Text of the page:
On the Con: Scam Artists
Perhaps my own particular aversion to the amateur sleuth thing, and my appreciation of private eyes and other "professionals" has something to do with competence. I can take unlikely amateurs rising to the occasion and grabbing the gold, saving the girl or cracking the case once (or in selected cases, maybe even twice).
But please, dear merciful God in Heaven, please, please, please don't have the same amateur come back regularly to do it all over again, for twenty more books (or even worse, weekly on television). If that was the way God wanted it, we'd just replace all our cops with feisty librarians, folksinging veterinarians, small town doctors and nosy spinsters armed with knitting needles to keep the peace.
I guess I just really enjoy watching someone do their job (the one they make a living at) well. Books where the protagonist constantly screws up, thereby creating most of the plot, really bother me (unless, of course, it's played for comedic effect).
And surely one of the most competent types of characters in crime fiction must be the con artist, because he, or she, pretty much has to be smarter than everyone else. So, although they're not always eyes, many of the same traits a good private eye needs (understanding of human nature, focus, drive) makes for a good con artist, as well.
When I first posted a message about this on Rara Avis back when dinosaurs ruled the earth, there was some debate about whether a story about con artist could even be considered "hard-boiled."
As Mark Blumenthal pointed out, "By their very definitions it should be impossible for them to be combined. The good con artist is trying to avoid force. Violence should only happen when he is incompetent or very unlucky. Deception is the key. One of my favorites, Ross Thomas, almost always had con men as his protagonists, but there was little hard-boiled action. We read books about cons to see thethe execution of a scheme. The movie, The Sting, has a fair amount of violence and even some noir-like qualities, but I'm sure nobody on this list would consider it hard boiled."
However, as Mark Sullivan puts it, " I don't think it is violence that defines the hard-boiled. I think it's the professionalism held up against all odds, while the world goes to hell and loses all standards around the protagonist. And this professionalism can apply equally to private eye or criminal. Both the recent Parkers and Wyatts have the older career criminal mourning the decline of professionalism as standards have fallen now that any junkie can walk into a bank with a sawed-off."
So, with that question lingering about whether a hard-boiled scam story can exist or not, here are a few likely candidates for those looking for a little hard-boiled scammerie, suggested by the grifters at Rara-Avis.
Watch your wallet.
It's about a small West Virginia town after coal mines close; and a decimal point error; and everyone is related to each other, featuring Department of Transportation expert Owen Allison. Better than anything Westlake did on his best day.
Not a romance, despite the title. Jeffty, a small-time operator with a $30,000 obligation to a Haitian drug lord, hits on the perfect plan to get himself clear. A great book.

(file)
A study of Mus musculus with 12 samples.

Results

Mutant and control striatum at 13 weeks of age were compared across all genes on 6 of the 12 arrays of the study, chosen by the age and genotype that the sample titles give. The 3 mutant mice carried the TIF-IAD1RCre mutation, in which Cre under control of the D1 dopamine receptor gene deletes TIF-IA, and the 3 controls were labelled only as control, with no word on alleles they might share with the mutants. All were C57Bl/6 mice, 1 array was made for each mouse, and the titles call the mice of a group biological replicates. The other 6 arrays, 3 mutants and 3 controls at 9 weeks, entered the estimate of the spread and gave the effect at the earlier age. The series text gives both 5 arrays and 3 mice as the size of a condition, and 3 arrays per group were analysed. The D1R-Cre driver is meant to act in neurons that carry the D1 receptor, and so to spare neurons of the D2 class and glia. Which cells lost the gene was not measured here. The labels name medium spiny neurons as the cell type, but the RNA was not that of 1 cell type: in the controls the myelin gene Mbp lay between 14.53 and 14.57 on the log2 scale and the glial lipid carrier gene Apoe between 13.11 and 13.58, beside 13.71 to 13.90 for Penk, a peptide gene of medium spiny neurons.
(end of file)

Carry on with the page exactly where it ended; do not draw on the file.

I think this one qualifies as a hard-boiled con book. Of course, this particular hustler was not very smart, which makes for hard-boiled comedy.
Leonard has used a slew of grifters and would-be grifters in his books. You could argue, in fact, that La Brava is about a con-woman's manipulations. And if I recall correctly, Gold Coast also has a con-man with a scam in hand. It is true that Leonard makes these confidence people fairly dumb, but their intent is not in doubt.
An excellent book about con artists, and was turned into an excellent movie with a script by Donald E. Westlake. In fact, the con artist is a recurring character in much of Jim Thompson's stuff.
Anyone interested in books about cons and scams should seek this one out. I haven't read it yet, but it has rave blurbs by Erle Stanley Gardner, Craig Rice and Brett Halliday. It looks like Weil pulled a lot of cons in the first part of the century and knew all kinds of shady hombres. The scam the girlfriend pulls in Thompson's The Grifters (see above) is described here.
Both films, I think, qualify as essential hardboiled con artist tales.
Both these novles feature hard-boiled con games. The threat of violence often looms over the con man, the threat that the mark will catch on and retaliate (as happens early in The Grifters, for example). For instance, in Dan J. Marlowe's Four For the Money, the con man Slick is well aware that the most important part of his conning some other con men in a card game is getting out the door in a plausible manner, before they catch on that he has taken them.
Featuring master scammeister Beano Bates, yet another in a long line of charismatic conmen by TV's Cannell, the man responsible for Jim Rockford (co-created with Roy Huggins) and his own E.L. "Tenspeed" Turner. Come to think of it, Huggins' Brett Maverick was pretty slick, too.
A very satisfactory book about cons. Maybe not hard-boiled, but certainly medium-boiled. Well worth seeking out.
An ex-cop and a con artist open up a detective agency in this mid-seventies CBS TV show, starring Eddie Albert and Robert Wagner.
A grifter goes straight, and seeks redemption by working as a "deception specialist," helping victims of scams recover their losses, in a series of low-key but enjoyable short stories. The first one won a Shamus for Best P.I. Short Story.
Thanks to the hard-boiled guys and broads at Rara Avis (including Bill, Mari, William, Ed, Mario, various Marks, etc.) for their much-valued comments and suggestions.